Hi, i got a land in Peru in a valley in Canete in a place called Pacaran, where the climate is arid tropical and there is sun all the year and there is a lot of water comming from the river but it never rains.
How can i know which is my zone number? where can i see that?
There is an USDA map somewhere on the net and it shows for the zones for the US. If you know your lowest temperature you can match your zone.
However, the zone map has a lot of limits. It only shows the lowest temperature, but it does not show the temperature swing between day and night nor does it
show how hot it gets, rainfall, wind and other factors. I think the diggers has club done a much better job for Australia, with heat zones, growing days etc.
Here is the link to diggers: webpage, you might better look at your meteorological service..
thanks for the replies, im new with this thing of map zone, i have some questions....
when people put : Zone 2-4 in Location, that means the USDA map right? that measure the hardiness of the land, right?
but whats hardiness? i speak spanish and i cannont understand that word, i looked in my translator and it says "resistencia " that also means "resistence".
resistence to cold? what does that means? and whats the relation of "resistence" to cold with plants?
Miles i cannot find my zone in the link you posted, im in a place called Pacaran in Peru, its in Canete valley , its in 700 meters of elevation over the sea level and here there is sun all the year and a lot of water comming from the river but it never rains, it rains like 3 times in the whole year. The climate is arid tropical.
thanks for the replies.
Location: cool climate, Blue Mountains, Australia
posted 6 years ago
Hardiness that refers to the hardiness of plants. So if 9a says -6.7 to 3.9 than that means how cold it can get there. And if you buy a plant then sometimes they say hardy to -5C that means that the plant dies if temperature drops further than -5C. But that does not mean much. How long is it cold? Just a cold snap over night? Hardiness of plants differ according to the person who writes.
When it is cold and wet, plants may die but they might have survived a dry cold.
You might want to look here: webpage There are as well classifications like "temperate climate" or "subtropical" or "Mediterranean", i like these more because everyone knows that Mediterranean means winter rain and dry hot summers. Still the hardiness zones have their value but they only describe one aspect of a climate.
USDA zones were developed to help people with growing plants in a temperate climate. The vast majority of the United States (with the exception of Hawaii and southern Florida) is temperate, meaning that (1) it gets cold enough to freeze in the winter and (2) that cold weather will last for a number of weeks or months. In the warmer parts of the U.S., plants that are resistant to frost damage can be grown all year long, other plants that are damaged by freezing weather have their season in which they can be grown. In the colder parts of the U.S., zones can be used to predict when the growing season will end in the fall and when planting can start again in the spring.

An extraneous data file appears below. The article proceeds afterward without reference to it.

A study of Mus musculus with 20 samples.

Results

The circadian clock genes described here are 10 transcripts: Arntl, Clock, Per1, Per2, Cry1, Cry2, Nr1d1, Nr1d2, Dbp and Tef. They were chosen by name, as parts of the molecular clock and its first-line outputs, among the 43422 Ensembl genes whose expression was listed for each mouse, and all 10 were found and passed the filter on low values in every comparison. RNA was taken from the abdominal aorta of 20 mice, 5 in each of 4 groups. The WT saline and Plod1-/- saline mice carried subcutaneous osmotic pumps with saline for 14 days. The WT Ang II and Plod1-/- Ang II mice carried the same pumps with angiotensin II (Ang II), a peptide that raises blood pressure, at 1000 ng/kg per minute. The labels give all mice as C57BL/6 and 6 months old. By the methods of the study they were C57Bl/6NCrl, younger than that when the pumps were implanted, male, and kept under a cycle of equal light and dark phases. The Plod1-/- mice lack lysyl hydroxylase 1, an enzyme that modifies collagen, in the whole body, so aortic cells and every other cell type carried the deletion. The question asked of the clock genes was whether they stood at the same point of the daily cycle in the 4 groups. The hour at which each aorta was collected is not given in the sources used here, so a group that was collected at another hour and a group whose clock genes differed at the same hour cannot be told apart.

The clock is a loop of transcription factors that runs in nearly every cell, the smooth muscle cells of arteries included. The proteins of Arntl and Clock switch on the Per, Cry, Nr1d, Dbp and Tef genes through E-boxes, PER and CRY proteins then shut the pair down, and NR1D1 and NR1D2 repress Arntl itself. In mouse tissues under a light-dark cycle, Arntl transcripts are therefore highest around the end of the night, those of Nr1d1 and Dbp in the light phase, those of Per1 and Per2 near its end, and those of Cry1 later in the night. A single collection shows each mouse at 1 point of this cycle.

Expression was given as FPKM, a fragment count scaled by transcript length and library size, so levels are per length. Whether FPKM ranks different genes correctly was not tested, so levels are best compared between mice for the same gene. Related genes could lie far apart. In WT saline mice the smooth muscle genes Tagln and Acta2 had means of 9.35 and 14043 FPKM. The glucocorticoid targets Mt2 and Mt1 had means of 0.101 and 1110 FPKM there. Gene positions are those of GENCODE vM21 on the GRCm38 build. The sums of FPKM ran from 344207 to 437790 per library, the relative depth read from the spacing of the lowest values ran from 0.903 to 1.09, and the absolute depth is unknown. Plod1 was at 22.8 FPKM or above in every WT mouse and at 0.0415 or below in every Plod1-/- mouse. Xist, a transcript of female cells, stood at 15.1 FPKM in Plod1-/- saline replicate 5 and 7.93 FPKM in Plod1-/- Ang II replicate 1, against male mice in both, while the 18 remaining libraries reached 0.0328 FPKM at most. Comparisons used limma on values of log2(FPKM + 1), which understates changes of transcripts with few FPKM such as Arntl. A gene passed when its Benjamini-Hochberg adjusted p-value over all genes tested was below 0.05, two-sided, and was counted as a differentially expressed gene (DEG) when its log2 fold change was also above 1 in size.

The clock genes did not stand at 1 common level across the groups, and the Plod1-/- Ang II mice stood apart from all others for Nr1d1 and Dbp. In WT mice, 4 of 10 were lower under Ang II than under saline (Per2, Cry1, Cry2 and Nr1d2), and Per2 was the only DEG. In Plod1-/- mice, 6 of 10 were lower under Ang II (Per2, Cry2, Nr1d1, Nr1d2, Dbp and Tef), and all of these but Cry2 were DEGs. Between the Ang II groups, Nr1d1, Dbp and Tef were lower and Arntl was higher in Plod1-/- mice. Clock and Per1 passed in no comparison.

The USDA zones are NOT useful in the tropics (within 30 degrees of the equator). In the tropics, altitude is a much more important effect than the lowest temperature of the winter, which is how USDA maps are developed. Some tropical crops cannot take the heat of low altitude, and must be grown high in the mountains. There really is no equal to the tropical, high altitude climate in the continental U.S., since that climate doesn't vary as much during the year. The U.S., being further from the equator, will have shorter days and freeing weather in the winter, even if two particular locations seem to be very similar in the summertime.
If your altitude is such that you have occasional freezes, then you can consider yourself to be in something equivalent to zone 8 or 9. I am in a transition area between zone 8 and 9; last winter was a cold zone 8, but the year before was a zone 9 winter. For the cooler half of the year, we have to grow things that are frost tolerant -- brassicas, English peas, fava beans, chicory, onions, etc. Only in the warmer half of the year can we grow corn, beans, squash, and tomatoes.
If you are low enough in altitude never to have freezes, then you are in a truly tropical climate and can look at plant guides from Florida and Hawaii for information.
So I farm in the Colombian Andes, central cordillera. For seeing if plants will grow in my environment access to water and temperature ranges are much more important if the plants are from temperate zones. If they are from central or south america I use altitude.